Secret interviews add insight to Clinton presidency

There have been White House recordings of one sort or another since Franklin Roosevelt, but the secret systems that taped phone conversations of John Kennedy and Lyndon Johnson and Oval Office meetings of Richard Nixon have been dismantled. A fear of investigations and subpoenas means presidents worry about being able to keep a diary private.

"The records preserved in presidential libraries are getting more voluminous but less personal," Branch says. "There's a mountain of paper, but it's really hard to tell what happened."

After the 1972 campaign, Clinton and Branch didn't speak to one another for 20 years. Clinton was building a political career in Arkansas; Branch was researching and writing a history of the civil rights movement from 1954 to 1968.

Clinton had read Parting the Waters: America in the King Years 1954-63— even the footnotes, many of them crediting records from presidential libraries. As president-elect, he asked Washington Post publisher Katharine Graham to put Branch and his wife, Christy Macy, on the guest list for a glittering dinner party Graham hosted. There, Clinton pulled Branch aside for a brief conversation.

His question: How could he be sure his presidency had records that would give historians a similar window into what was going on behind the scenes?

Branch says the two conferred several times about it during the administration's opening months. Clinton proposed Branch fill the role Arthur Schlesinger Jr. played in the Kennedy administration, a sort of court historian on the White House staff. Branch declined. Clinton tried dictating a diary but found it unwieldy; he said he needed to be interacting with someone.

In September 1993, Branch agreed to do oral history interviews with Clinton until the president could train someone on his staff for that role. No one else was ever trained, and their sessions continued until Clinton left office in 2001.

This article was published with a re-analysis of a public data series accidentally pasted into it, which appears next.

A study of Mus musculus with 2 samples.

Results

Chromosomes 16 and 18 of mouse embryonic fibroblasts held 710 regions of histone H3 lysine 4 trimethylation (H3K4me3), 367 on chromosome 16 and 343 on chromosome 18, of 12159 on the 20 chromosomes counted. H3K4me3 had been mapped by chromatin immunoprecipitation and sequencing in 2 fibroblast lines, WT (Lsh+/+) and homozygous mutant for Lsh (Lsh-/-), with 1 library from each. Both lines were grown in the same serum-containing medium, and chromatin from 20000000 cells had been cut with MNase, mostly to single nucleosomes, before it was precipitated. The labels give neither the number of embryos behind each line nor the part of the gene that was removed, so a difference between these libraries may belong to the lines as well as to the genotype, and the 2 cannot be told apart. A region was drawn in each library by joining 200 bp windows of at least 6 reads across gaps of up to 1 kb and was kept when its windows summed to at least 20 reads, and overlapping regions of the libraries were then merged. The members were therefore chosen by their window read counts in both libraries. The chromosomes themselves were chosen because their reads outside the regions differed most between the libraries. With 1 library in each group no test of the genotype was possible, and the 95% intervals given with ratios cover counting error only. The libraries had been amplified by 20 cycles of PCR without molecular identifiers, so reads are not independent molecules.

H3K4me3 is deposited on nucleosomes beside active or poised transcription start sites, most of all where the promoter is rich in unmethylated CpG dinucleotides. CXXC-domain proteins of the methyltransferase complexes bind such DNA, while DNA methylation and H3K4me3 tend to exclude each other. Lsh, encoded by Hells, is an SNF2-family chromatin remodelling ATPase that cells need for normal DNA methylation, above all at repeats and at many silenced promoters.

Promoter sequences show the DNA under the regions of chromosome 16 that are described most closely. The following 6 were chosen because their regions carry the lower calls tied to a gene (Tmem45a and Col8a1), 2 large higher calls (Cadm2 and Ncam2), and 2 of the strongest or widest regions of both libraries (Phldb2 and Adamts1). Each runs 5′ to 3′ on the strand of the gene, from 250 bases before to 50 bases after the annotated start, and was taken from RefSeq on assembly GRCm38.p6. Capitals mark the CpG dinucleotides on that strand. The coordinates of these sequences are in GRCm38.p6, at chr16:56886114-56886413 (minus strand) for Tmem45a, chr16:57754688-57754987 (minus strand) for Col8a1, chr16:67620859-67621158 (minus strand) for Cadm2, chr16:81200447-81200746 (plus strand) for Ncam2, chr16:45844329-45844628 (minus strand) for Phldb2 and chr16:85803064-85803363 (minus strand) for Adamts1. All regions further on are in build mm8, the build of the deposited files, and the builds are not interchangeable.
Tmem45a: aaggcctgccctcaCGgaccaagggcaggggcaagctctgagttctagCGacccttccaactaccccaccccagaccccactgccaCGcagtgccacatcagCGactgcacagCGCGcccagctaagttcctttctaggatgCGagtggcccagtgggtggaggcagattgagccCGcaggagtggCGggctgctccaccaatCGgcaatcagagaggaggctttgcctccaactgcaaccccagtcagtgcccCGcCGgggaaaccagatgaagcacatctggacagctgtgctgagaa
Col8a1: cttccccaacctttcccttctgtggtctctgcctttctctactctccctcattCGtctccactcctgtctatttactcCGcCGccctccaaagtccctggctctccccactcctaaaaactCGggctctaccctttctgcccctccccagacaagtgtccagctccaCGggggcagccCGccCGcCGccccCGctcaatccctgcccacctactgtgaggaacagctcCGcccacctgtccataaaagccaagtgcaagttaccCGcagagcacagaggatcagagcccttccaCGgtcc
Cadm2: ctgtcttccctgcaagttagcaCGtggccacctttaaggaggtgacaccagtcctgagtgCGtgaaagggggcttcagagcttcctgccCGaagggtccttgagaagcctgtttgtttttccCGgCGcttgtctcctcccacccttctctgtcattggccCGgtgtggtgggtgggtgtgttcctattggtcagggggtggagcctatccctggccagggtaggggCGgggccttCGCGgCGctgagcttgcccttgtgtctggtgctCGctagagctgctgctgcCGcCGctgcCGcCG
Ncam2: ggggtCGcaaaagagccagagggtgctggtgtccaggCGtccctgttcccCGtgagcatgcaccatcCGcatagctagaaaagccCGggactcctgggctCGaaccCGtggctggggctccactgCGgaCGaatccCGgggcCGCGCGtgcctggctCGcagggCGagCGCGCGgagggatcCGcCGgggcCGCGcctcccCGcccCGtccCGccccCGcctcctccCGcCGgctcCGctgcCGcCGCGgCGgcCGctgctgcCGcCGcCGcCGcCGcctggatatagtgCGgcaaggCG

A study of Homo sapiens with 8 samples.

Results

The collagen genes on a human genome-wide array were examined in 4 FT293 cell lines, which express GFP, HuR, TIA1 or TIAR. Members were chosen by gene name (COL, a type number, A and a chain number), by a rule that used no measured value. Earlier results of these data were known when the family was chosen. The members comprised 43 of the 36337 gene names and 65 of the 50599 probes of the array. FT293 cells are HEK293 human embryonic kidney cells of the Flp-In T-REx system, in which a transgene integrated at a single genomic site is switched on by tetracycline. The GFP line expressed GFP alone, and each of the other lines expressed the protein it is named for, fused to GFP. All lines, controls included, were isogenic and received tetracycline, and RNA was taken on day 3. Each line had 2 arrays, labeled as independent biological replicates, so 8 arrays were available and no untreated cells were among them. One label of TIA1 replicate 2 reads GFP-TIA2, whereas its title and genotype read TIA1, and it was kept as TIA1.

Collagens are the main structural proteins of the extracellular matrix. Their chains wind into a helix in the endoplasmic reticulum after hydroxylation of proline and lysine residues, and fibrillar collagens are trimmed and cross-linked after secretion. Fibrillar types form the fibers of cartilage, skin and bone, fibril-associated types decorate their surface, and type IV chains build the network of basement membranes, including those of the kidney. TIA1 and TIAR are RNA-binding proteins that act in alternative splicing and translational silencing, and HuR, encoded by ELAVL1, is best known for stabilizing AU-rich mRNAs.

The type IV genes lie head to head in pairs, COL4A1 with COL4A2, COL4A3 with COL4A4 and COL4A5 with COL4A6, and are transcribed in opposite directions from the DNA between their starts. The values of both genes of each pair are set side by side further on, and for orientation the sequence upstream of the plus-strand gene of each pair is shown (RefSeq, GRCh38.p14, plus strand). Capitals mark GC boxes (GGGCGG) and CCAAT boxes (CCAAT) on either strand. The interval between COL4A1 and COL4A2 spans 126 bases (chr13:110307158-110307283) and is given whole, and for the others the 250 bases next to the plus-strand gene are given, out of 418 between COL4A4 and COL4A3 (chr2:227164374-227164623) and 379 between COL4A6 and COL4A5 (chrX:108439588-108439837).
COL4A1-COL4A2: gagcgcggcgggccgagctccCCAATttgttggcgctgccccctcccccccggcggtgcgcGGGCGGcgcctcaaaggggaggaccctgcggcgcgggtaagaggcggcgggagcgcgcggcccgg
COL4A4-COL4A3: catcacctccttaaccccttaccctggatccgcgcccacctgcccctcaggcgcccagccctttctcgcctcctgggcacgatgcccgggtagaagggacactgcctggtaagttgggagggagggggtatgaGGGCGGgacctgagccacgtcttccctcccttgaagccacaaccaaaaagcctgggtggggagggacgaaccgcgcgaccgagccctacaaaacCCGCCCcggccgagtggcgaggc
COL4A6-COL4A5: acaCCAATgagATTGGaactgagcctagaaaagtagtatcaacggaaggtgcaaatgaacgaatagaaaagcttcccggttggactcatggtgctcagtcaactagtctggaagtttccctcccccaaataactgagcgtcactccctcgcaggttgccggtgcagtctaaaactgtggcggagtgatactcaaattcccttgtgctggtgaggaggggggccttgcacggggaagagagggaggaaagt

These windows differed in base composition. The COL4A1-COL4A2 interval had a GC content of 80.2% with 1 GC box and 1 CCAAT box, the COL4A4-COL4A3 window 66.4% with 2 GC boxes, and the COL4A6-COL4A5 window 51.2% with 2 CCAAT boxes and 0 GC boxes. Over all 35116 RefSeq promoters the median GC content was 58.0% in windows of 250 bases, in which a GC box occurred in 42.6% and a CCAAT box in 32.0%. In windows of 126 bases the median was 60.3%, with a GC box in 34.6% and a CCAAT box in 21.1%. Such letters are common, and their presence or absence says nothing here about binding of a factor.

The president was determined to keep them secret to avoid what he saw as inevitable demands for disclosure.

"I was constantly wrestling with, 'What is my job?' " Branch says. "Basically, my first goal was to say, 'This is about history. … I want to get as much raw material on the record as possible.' But it was never that simple."

Branch was there as a historian but he also was a friend, and Clinton at times would seek his advice. From 1998 to 1999, Branch's wife worked at the White House as a speechwriter for Hillary Clinton. As Bill Clinton finished his memoirs, he surprised Branch with a $50,000 "bonus" for his help in laying the groundwork for them.

Publication of Branch's book has underscored the conflicting agendas of friend and historian.

Clinton on several occasions had encouraged Branch to write a book about their sessions, albeit at some undesignated point in the future. The author used the advance he received from the publishing house Simon & Schuster to have his own tapes transcribed; he had stored them in a safe deposit box at a bank.

Those tapes will be available to researchers next year at the University of North Carolina at Chapel Hill.